Stolen de Kooning Restored

Willem de Kooning, Woman-Ochre, 1955. University of Arizona Museum of Art, Tucson. Willem de Kooning Foundation/Artists Rights Society, New York; J. Paul Getty Trust  
A New York Times piece by Jori Finkel has post-conservation images of the University of Arizona Museum of Art's de Kooning Woman, stolen in 1985, recovered in 2017, and restored at the Getty. The Getty Center will show the painting (June 7–Aug. 28, 2022) before its return to the Arizona Museum Oct. 8, 2022.


And still, the Isabella Stewart Gardner Museum and the world wait.
Anonymous said…
Delighted to see the Getty’s new Cailleboite acquisition ready to be worked on in the studio background photo. I hear it needs a bit of touch up. In the Getty’s hands, it’ll no doubt come out looking brand new.
Anonymous said…
Subscribe to the New York Times if you want to know what is happening in the LA art world.

... You are not going to learn much from the LA Times.
I'm loathe to let NYT off the hot seat. I sent the following screed to Culturegrrl back in 2009, which she graciously posted on her site.
I post it here now, and say hardly anything has changed since then to alter my opinion:

BlogBack: Reader Rues NY Times’ Performing Arts Emphasis

October 1, 2009 by CultureGrrl

Reader Ted Gallagher writes:
There is a marked preference on the part of the Times’ editors for coverage of performing arts over fine arts in the cultural pages. My dream for a new NY Times is that editors nurture long-form art criticism and reviews —3,000 words, even— in the great tradition of such papers as The Guardian of London and the defunct New York Sun.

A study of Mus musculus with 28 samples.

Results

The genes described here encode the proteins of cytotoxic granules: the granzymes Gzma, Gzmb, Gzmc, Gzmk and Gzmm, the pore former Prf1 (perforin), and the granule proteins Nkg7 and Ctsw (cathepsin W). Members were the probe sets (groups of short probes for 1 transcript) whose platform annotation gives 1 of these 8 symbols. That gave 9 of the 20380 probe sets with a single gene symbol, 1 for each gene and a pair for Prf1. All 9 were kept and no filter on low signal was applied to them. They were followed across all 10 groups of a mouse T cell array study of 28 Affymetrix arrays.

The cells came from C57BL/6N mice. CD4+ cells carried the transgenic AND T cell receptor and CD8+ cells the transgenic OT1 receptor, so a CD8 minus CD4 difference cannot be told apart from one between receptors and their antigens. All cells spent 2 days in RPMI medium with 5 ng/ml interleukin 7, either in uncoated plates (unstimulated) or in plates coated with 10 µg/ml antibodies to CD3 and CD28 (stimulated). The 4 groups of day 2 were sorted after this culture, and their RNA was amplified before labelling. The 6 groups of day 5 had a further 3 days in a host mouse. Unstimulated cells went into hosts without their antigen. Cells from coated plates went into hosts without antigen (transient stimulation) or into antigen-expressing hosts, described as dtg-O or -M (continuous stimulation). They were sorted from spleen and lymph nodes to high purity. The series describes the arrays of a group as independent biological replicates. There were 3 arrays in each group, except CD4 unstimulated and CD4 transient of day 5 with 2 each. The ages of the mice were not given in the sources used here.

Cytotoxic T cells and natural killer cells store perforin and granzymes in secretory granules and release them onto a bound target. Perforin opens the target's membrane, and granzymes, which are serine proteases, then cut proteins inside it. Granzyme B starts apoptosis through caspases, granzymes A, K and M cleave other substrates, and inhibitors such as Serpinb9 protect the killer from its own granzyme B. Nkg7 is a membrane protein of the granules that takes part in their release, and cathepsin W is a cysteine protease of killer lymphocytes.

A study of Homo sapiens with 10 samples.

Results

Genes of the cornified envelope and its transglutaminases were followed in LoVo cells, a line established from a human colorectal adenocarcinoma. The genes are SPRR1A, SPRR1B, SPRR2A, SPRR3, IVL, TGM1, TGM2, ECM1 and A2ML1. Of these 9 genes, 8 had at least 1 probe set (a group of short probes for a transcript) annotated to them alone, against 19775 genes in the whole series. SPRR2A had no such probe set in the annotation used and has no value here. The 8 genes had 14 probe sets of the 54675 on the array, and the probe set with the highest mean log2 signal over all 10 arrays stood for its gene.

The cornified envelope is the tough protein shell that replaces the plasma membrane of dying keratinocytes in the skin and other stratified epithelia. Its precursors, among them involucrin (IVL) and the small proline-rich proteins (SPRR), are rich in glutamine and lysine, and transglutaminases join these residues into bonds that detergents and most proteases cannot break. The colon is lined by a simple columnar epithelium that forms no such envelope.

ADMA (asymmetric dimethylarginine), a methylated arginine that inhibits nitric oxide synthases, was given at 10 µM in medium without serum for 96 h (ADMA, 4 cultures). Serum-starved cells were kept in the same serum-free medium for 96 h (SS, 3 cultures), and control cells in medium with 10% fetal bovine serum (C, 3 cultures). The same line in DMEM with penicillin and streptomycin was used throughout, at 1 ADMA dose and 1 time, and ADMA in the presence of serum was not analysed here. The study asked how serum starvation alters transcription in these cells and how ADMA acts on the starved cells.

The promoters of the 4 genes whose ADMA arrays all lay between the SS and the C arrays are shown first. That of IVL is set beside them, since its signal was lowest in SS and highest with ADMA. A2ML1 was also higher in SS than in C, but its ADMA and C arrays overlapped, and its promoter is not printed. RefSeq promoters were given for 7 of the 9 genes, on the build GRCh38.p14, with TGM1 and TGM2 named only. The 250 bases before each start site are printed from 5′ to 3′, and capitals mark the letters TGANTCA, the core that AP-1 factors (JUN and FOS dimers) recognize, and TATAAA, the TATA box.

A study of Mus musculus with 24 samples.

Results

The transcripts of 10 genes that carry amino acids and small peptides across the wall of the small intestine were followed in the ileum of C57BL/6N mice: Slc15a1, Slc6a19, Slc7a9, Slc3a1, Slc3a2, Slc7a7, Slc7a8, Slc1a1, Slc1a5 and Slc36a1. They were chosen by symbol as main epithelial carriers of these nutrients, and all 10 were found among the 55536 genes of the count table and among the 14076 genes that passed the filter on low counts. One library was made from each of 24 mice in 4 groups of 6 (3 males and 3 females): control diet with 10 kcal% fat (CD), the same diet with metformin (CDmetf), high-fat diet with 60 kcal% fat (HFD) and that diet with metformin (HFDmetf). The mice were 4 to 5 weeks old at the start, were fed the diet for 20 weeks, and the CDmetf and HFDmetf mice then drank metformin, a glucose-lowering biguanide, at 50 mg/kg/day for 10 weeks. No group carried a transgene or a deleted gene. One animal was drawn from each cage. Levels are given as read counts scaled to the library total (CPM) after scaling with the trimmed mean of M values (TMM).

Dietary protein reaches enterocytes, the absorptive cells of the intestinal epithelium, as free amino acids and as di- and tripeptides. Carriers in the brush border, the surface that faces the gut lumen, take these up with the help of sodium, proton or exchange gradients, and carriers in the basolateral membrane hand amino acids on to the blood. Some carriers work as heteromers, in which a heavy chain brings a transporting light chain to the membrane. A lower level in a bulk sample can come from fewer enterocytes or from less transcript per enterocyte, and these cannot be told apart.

One need only look back in The Times’s distant archives and see how the paper gave enormous depth to its fine arts subjects — far more than we see today.
I know the paper has it to give.
Flood the zone.
Anonymous said…
I watched a very lengthy, interesting Netflix documentary on the theft of artworks a few decades ago from the Gardner. The lack of proper security in 1990 is even more naive and careless when set against the backdrop of today's very graspy, tricky, hard-edged world.
Anonymous said…
When the Los Angeles Times moved its offices to a building near LAX, in or around El Segundo, that was at the very least the symbolic end of an LA-based newspaper.

Much of the media in general are existing in a brave new world.

Maybe a newspaper that somehow accommodates people's short attention spans and love of selfies will be lucrative?